Questions about retirement often keep clients up at night: Can I afford to retire within the next 10 years? What will happen if I retire at age 60 instead of 65? What if I have a health care crisis? What if the market tanks after I retire?
Often, the first person they go to with these questions is their CPA.
Today’s clients expect retirement advice from their CPA, and they are looking to their CPA to guide them through confusion and uncertainty. However, without the right tools, it’s difficult to give clients the best and most useful guidance. Financial planning software can be a powerful way to open retirement planning conversations with clients; craft retirement plans that take into account their needs, hopes, and dreams; and show them the results of different retirement scenarios. If you do any kind of retirement planning with clients, it’s something to consider investing in.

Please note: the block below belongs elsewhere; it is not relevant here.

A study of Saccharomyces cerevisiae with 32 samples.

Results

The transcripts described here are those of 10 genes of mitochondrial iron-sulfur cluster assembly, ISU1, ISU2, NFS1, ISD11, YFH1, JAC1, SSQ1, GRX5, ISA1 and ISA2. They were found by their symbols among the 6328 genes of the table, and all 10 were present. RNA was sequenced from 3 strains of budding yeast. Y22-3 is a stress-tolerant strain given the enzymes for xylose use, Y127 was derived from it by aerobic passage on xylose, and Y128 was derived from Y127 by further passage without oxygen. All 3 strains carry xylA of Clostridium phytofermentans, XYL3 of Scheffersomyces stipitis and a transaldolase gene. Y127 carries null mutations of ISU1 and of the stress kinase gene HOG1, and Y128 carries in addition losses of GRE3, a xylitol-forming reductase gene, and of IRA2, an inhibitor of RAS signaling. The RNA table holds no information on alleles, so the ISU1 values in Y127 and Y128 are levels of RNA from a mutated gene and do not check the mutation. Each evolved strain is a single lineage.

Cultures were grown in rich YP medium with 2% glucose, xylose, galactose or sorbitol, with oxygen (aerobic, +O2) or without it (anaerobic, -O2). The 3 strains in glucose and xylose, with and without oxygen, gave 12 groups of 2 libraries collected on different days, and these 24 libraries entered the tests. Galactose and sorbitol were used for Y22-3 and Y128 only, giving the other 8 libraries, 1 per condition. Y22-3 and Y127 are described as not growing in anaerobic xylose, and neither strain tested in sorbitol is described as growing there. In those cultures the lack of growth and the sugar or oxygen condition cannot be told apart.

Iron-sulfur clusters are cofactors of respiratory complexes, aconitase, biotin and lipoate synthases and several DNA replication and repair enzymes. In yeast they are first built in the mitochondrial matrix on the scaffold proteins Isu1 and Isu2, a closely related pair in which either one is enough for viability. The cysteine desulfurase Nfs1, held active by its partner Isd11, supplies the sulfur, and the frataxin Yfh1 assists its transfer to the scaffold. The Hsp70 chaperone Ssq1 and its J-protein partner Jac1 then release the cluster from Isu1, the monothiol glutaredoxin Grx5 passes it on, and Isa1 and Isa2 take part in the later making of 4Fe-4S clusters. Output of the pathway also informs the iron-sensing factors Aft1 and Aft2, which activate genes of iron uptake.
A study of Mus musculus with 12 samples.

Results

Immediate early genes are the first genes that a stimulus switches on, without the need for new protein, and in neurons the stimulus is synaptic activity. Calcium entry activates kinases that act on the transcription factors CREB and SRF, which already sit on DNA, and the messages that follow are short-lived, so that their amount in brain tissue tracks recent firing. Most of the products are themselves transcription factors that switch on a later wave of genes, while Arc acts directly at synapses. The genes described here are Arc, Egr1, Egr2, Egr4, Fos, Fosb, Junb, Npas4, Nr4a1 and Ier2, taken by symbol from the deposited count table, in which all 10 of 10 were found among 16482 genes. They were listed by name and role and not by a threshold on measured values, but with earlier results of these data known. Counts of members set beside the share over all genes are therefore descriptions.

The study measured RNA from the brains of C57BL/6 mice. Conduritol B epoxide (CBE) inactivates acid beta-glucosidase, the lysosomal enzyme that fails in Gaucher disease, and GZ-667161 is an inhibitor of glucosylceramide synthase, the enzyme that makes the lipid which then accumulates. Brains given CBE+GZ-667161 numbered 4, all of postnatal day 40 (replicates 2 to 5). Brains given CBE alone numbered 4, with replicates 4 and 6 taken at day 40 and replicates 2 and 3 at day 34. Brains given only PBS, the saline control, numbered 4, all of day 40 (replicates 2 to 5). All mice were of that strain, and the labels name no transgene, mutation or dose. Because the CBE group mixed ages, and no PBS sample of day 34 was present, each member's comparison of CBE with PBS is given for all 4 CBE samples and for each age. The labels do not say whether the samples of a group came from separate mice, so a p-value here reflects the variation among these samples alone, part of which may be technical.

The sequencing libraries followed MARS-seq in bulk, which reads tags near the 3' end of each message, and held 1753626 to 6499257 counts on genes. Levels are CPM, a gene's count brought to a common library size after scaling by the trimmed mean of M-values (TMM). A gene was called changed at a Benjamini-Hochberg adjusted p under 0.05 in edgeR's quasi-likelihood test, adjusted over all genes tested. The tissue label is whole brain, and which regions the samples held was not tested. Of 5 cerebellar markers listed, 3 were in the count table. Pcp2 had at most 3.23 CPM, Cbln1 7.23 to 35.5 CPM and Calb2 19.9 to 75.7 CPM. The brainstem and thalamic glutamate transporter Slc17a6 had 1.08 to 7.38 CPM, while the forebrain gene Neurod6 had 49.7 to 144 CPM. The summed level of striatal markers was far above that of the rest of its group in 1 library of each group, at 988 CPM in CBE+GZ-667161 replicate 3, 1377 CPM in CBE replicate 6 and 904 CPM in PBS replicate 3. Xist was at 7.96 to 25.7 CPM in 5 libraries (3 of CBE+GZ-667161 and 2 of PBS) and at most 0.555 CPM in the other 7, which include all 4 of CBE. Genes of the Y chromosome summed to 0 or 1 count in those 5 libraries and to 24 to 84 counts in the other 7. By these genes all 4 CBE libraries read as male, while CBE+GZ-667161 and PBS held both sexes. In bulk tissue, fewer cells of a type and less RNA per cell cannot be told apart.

If you’re already thinking about buying new financial planning software or updating the software you have, though, you’re facing a complex decision. There are myriad types of software to choose from, each with its pros and cons, and a variety of features to consider. This article takes a look at how financial planning software can enhance your practice, followed by a high-level overview of features to consider when selecting a package.
WILL EXCEL SUFFICE?
Some CPAs use spreadsheets to make retirement projections, but that method is usually not ideal. Spreadsheets have to be customized for every retirement scenario, said Michael Goodman, CPA/PFS, president and principal at Wealthstream Advisors Inc. What’s more, he noted, they can create quality-control issues. For instance, if you use a spreadsheet only sporadically throughout a client engagement, you may not remember what you set up within it from one meeting to the next. If multiple employees work on the same spreadsheet, maintaining consistency may also be a problem.
A more robust option for helping clients with retirement planning is to use specialized financial planning software. In a nutshell, you (and in some cases, your client) input data and variables, and the software provides you with a retirement plan that you can then fine-tune. Most types of financial planning software can integrate investments, taxes, cash flow, insurance, and estate planning into a cohesive analysis to guide your clients in making informed decisions and avoid operating in a silo or vacuum.